Published 5/1/2007

AAOS files amicus brief on Maryland MRI issue

AAOS argues ruling unnecessary because it is a blanket ban on conduct prohibited by State Board
On March 23, 2007, the American Association of Orthopaedic Surgeons (AAOS) filed an amicus brief in Potomac Valley Orthopaedic Associates, et.al. v. Maryland State Board of Physicians in the Circuit Court of Montgomery County, Md. The American Association of Neurological Surgeons, the Society of Cardiovascular Computed Tomography, the Mid-Maryland Musculoskeletal Institute, the American Urological Association, Inc., and the American College of Surgeons joined the AAOS in the brief.

The case is an appeal of a declaratory ruling (Ruling) of the Maryland State Board of Physicians (Board). Although the Maryland Self-Referral Law was passed in 1993, the Board had not taken a position on whether it applied to physicians who referred patients for tests on a magnetic resonance imaging (MRI) machine that is owned or leased by the physician until 2006. At that point, the Board ruled that the Self-Referral Law did apply to these physicians. As a result of the Ruling, insurance carriers have indicated that they will seek refunds from physicians for payment for MRIs conducted in violation of the Self-Referral Law.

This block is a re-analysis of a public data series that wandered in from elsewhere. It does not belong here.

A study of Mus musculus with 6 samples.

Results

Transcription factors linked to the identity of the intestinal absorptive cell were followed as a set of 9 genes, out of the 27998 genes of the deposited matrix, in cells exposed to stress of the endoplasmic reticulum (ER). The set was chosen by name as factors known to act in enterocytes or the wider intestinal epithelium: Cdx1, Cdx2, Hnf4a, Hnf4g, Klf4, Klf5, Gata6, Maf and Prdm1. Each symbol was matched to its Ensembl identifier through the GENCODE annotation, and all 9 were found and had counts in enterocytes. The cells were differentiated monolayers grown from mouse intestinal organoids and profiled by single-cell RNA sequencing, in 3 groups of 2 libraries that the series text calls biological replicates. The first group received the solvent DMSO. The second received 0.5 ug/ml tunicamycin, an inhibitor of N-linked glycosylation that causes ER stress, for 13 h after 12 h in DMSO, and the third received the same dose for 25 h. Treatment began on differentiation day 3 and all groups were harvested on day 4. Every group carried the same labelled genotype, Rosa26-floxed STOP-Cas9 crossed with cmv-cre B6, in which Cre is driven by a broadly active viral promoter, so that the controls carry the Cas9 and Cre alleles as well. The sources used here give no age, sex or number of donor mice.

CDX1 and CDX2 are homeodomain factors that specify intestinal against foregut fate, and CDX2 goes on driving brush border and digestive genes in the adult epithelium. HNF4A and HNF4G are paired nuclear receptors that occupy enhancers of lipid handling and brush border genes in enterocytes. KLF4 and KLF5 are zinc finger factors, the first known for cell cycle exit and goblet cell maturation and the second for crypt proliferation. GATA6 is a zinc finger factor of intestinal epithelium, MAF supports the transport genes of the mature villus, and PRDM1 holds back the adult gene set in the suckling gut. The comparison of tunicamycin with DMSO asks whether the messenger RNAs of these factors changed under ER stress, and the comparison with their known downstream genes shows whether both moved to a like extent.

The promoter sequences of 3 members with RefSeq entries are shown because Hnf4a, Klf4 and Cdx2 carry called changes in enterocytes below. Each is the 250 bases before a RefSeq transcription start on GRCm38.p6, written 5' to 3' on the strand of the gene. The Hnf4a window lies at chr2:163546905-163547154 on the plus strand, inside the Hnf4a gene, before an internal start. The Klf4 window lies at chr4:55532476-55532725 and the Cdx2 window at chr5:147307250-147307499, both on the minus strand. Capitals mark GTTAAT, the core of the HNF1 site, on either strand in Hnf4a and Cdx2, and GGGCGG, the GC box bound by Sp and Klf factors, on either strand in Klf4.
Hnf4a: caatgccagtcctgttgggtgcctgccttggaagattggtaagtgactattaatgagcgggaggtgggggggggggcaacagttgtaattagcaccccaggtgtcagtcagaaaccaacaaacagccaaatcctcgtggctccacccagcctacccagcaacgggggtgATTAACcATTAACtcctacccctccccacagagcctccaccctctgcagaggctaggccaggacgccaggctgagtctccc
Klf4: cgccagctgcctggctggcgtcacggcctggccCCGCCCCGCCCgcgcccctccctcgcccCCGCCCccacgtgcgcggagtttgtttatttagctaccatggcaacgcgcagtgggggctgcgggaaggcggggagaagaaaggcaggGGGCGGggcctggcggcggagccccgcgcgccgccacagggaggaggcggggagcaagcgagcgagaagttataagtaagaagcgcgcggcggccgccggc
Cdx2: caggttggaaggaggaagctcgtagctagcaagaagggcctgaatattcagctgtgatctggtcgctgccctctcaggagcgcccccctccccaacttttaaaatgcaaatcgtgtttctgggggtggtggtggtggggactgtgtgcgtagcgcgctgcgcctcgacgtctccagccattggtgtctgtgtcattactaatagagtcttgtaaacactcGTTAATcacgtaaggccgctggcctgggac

According to Andrew N. Pollak, MD, of the R Adams Cowley Shock Trauma Center, about 25 orthopaedic practices in the state may be affected by the ruling. “It appears as if this issue was triggered by a complaint from a radiology group to the Maryland Physician’s Board,” said Dr. Pollak.

The 13 physician groups that filed the suit in December 2006 claimed that the Board misinterpreted the plain meaning of the Self-Referral Law. AAOS argues in the amicus that the Ruling is contrary to the policy determination of the federal government and the view of the medical community. The AAOS also argues that the Ruling is unnecessary because it is a blanket ban on conduct that is already prohibited by the Board.

“We are hopeful that the Board’s ruling will be overturned, but the legal question is too close to call at this point,” commented Dr. Pollak.

The Maryland Radiological Society has intervened in the appeal and is also expected to file a response.